At this year’s Clinton Global Initiative, the GAVI Alliance announced a pair of new intiatives that aim to leverage private sector funds and expertise to improve delivery of vaccines worldwide.
“If you can imagine, a vaccine has to get from the point of manufacture — in India or Singapore or Belgium — to a kid in a remote rural area in Africa or Asia or Latin America, and it has to be cold all the way,” said David Ferreira, managing director of GAVI’s innovative finance department.
Maintaining that “cold chain” from manufacturing plant to rural clinic is just one of the challenges of maintaining the complex supply chain for vaccines, Ferreira told Devex Impact on the sidelines of the 2013 Clinton Global Initiative annual meeting in New York.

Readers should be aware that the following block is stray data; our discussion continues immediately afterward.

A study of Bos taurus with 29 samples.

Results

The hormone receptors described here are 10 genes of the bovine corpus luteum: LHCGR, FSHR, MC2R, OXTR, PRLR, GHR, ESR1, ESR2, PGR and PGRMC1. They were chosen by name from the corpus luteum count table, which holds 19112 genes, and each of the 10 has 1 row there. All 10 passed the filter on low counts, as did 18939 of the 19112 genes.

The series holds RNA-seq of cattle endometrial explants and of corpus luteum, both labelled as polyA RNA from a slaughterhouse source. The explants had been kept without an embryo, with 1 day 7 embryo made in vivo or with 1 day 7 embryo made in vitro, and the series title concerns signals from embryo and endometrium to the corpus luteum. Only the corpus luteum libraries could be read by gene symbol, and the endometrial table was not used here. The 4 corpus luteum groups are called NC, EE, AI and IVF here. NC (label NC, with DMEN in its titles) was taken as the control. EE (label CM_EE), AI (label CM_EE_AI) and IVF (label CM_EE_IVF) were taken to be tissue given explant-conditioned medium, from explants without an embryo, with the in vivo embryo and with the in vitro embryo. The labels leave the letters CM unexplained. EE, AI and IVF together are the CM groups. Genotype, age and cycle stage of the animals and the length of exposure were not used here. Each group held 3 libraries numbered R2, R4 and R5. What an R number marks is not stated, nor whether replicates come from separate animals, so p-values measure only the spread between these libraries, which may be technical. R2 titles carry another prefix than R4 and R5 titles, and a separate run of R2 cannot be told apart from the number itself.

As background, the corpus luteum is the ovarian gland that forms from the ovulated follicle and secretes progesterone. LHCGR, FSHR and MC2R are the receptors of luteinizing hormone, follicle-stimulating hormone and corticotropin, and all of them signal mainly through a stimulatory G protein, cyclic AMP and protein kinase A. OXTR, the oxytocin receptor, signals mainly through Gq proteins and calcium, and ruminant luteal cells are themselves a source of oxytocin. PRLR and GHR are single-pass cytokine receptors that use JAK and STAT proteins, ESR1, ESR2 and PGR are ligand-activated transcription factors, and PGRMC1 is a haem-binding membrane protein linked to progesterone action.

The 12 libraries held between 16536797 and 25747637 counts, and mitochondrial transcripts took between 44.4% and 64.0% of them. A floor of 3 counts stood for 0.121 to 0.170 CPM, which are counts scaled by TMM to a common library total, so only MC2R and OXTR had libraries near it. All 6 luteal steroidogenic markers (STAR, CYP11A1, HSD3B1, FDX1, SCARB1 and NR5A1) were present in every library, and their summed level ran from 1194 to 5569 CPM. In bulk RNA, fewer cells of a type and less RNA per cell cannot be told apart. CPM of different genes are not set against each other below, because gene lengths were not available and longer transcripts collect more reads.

To tackle these challenges, GAVI launched a new Supply Chain Technical Improvement Facility, to be funded by private sector contributions. These contributions will be doubled in size via the already existing GAVI Matching Fund, through which the U.K. government and the Bill & Melinda Gates Foundation match contributions.
GAVI is also founding a Supply Chain Centre of Excellence, in order to “incubate solutions” to problems ranging from bureaucratic inefficiency to outdated computer systems, according to the organization’s news release. The release said GAVI is “in discussions” with several corporations to join the center.
Ferreira, who also discussed the potential to scale GAVI’s new partnership with Vodafone in Mozambique, said “the opportunity cost of not managing the global supply chain well is massive.”